The idea of an exorcism is, I think, one that I would have found ridiculous even when I was a believing Catholic. It just smacks too much of the kinds of magical explanations invented by ancient humans who had no idea how the world works. Apollo drives the sun across the sky each day? Sure, why not.
Christianity got its start during these times, and it hasn’t let go of the old mythologies, even though the rest of the world has moved on when it comes to blindly accepting as true magical explanations that cannot be verified. Case in point: exorcism.
The Roman Catholic Church teaches, in all seriousness, that the Devil takes control of people’s bodies. From a 2010 New York Times article on the subject:
Some of the classic signs of possession by a demon, Bishop Paprocki said, include speaking in a language the person has never learned; extraordinary shows of strength; a sudden aversion to spiritual things like holy water or the name of God; and severe sleeplessness, lack of appetite and cutting, scratching and biting the skin.
Now if you could take control of people’s bodies and you wanted to sow evil in the world, would use your power to make people bite themselves? I would think it more effective to take a person in a position of power, say in the government or in a large corporation, and use that power to perpetuate violence or economic collapse. Maybe start a war, maybe enslave the masses. Something like that. But biting yourself? Seems like that’s aiming a little low.
But see, I’m already thinking about this more than those who create such myths. Someone was acting crazy? The Devil made them do it. Mystery solved! It’s best not to bother with all the little details (and the devil is in those too, you see).
These stories are silly. Any person with half a brain can see that. And if you can believe in this nonsense, what else can you believe in?
Harry Potter, apparently. A brand new article in The Telegraph quotes a Catholic priest saying some very silly things about demons and wizards (the least of which being that he thinks one of those is real).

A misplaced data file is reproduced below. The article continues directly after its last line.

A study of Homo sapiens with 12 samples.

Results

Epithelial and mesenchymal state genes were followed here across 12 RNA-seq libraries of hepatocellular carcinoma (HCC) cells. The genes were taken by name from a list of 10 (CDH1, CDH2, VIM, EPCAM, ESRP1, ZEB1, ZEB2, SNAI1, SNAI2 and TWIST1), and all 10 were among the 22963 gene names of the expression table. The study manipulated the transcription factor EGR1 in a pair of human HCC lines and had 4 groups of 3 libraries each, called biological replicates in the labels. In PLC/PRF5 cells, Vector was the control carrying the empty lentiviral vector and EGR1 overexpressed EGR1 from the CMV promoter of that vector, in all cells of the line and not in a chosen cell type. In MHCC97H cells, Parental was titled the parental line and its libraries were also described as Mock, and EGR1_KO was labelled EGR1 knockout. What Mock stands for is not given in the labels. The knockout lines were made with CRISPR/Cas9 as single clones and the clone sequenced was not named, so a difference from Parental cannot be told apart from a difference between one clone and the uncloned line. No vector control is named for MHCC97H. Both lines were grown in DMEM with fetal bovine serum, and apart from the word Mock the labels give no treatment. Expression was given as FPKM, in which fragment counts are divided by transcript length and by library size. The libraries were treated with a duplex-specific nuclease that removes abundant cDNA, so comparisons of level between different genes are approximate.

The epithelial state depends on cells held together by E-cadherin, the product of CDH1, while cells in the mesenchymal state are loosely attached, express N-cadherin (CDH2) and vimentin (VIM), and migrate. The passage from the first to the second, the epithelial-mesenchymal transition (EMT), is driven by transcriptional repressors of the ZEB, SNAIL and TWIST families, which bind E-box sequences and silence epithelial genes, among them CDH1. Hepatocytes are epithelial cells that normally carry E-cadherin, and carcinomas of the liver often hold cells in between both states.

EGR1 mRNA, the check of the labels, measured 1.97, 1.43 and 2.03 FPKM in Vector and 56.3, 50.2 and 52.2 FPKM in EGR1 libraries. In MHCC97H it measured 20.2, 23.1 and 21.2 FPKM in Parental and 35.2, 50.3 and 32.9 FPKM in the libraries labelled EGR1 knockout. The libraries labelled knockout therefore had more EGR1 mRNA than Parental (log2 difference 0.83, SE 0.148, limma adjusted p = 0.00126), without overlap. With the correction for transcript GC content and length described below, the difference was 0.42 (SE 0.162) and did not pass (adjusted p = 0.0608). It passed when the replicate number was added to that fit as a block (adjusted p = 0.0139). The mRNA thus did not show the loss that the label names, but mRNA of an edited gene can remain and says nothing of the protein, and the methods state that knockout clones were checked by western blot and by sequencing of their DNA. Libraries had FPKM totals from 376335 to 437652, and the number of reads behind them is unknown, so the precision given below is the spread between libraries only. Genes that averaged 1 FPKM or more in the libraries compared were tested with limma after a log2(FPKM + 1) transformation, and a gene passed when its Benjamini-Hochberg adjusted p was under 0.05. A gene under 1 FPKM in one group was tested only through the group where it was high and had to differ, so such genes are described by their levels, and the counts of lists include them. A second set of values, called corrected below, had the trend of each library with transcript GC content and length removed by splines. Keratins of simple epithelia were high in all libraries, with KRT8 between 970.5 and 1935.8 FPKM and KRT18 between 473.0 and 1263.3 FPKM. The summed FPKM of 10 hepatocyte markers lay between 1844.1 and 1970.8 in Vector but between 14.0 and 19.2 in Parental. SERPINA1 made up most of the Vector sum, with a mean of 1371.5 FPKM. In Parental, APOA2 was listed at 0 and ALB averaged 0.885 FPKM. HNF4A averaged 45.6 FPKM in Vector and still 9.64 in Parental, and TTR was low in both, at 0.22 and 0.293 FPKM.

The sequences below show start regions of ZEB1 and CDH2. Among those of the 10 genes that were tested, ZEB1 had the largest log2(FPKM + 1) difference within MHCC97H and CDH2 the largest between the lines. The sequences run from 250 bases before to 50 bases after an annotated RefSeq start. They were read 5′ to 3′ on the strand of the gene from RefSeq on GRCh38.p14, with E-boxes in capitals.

Father Gabriele Amorth, who for years was the Vatican’s chief exorcist and claims to have cleansed hundreds of people of evil spirits, said yoga is Satanic because it leads to a worship of Hinduism and “all eastern religions are based on a false belief in reincarnation”.
Reading JK Rowling’s Harry Potter books is no less dangerous, said the 86-year-old priest…
The Harry Potter books, which have sold millions of copies worldwide, “seem innocuous” but in fact encourage children to believe in black magic and wizardry, Father Amorth said.
I would think that any misconceptions a child had about the existence of magic would be allayed upon realizing that it isn’t really possible to fly on brooms or turn people into frogs. But even if some young Harry Potter fans have been deluded into thinking that their fantasy books are, um, not fantasy, is there really much harm in it? Eventually they’ll realize that all events, even the most magical-seeming ones, have natural explanations, and that’s what makes reality different from fantasy. The truth is right there for you to see.
Ah, that’s the problem then. Religious people such as Father Amorth actually want children, and adults, to believe in magic – as long as it’s their kind of magic. Amorth doesn’t want us to reject “truths” that can’t be verified, because then we’d reject the mythology that is his religion, as well. This is why it’s common for religious people to act as if they’re threatened by mere fiction – because if you’re already amenable to believing one set of myths about reality, what’s to stop you from believing another? A rational person would say the idea of making objects float using magical words is silly. But you can’t think Harry Potter is silly without thinking that demon possession and zombie messiahs are silly as well. And that’s the problem for the Catholic Church – they want you to buy their stories, but not anyone else’s.